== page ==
Members of JHDJ Law spearheaded a joint effort with the Indiana State Bar Association’s Women in the Law Committee inaugural entitled “Lady Justice” on Saturday, March 26. The event was an educational program for the Girl Scouts of Central Indiana and took place at Indiana University School of Law – Indianapolis with the help of 15 volunteer attorneys and judges.
Seventy-five Girl Scouts in third, fourth, and fifth grades participated in the program, with 23 troop leaders and parents. The
Scouts completed projects, listened to a panel discussion, shared lunch and watched a mock trial. Their participation will culminate in the Scouts earning a “Lady Justice” badge.
One of the projects combined jewelry-making with a lesson in civil rights. Each bead used to make a bracelet represented a civil right, such as the right to counsel in criminal matters. The second activity focused on setting goals and making smart decisions, and involved the Scouts drawing pictures of themselves at age 15, 25, and 50. During this activity, the volunteer attorneys and judges explained to the girls how to prepare for college and a career in law.
The panel discussion offered an opportunity for the attorneys to share their perspectives on being a female in a male-dominated career field. Marion Superior Court Judge Cynthia Ayers shared her experience of becoming a judge and the Scouts were encouraged to ask questions about the challenges of a legal career.
After lunch with the volunteers, the Scouts witnessed a mock trial for the Big Bad Wolf. The script for the mock trial was written by Jocham Harden Dimick Jackson attorney/mediator, Holly Wanzer, who is also a Girl Scout troop leader. Another member of JHDJ Law, Clarissa Finnell also volunteered. Organizers of the event noted that the firm’s founding partner, attorney/mediator Stephenie Jocham, originally suggested the idea of creating the event.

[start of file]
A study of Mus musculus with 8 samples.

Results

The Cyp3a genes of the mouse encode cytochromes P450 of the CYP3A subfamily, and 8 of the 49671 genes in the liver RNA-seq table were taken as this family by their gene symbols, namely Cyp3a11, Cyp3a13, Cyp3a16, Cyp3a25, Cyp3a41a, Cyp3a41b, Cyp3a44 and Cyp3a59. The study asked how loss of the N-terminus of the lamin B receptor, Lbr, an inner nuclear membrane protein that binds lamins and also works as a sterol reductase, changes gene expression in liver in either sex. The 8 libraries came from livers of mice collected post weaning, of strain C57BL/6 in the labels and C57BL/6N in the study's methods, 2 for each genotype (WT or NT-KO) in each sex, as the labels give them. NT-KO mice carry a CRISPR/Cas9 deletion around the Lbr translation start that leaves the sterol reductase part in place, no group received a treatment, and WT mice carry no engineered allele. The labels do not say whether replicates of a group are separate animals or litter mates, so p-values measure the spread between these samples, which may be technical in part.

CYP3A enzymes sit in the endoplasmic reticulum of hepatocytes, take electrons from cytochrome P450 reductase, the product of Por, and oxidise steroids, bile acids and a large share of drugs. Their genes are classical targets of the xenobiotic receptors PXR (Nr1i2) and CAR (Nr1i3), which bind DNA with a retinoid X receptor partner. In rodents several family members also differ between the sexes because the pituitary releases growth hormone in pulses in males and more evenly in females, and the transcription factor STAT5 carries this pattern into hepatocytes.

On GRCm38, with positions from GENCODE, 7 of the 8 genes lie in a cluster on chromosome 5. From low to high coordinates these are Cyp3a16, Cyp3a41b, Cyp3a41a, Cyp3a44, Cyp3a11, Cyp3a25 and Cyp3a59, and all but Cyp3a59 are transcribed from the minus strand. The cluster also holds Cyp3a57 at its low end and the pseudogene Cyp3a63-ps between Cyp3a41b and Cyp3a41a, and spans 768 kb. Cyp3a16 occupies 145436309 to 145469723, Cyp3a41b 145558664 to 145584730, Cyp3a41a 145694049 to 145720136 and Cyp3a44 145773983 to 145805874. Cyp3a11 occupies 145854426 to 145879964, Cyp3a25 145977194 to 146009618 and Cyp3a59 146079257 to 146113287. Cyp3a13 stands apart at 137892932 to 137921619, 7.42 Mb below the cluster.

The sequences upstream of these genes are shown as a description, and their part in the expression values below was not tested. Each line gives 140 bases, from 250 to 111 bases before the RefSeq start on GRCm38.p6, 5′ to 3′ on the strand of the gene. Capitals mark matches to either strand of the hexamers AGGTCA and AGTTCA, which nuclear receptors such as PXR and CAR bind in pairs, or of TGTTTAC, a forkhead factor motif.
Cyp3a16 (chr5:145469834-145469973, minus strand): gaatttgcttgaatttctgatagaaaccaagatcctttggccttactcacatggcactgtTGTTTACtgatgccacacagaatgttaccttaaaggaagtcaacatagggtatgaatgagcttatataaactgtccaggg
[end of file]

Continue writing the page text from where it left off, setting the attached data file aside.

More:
Volunteers pointed out that while the event focused on fun activities, the subject matter was taken seriously and respectfully.
“We didn’t want to dumb this down for the girls,” said Marion Superior Magistrate Vickie Ransberger, one of the organizers of the event. “They’re a lot more knowledgeable than some people might give them credit for. They care. They think about things that are important to them.”
Organizers suggested that the event could be replicated for Girl Scouts troops throughout Indiana and the country. Organizers worked closely with Girl Scouts administration to make sure qualifications merited a badge.
While the Lady Justice program is not the only law-related badge for Girl Scouts, it is the only one geared toward female-centric issues in the law and designed to encourage careers in the legal field.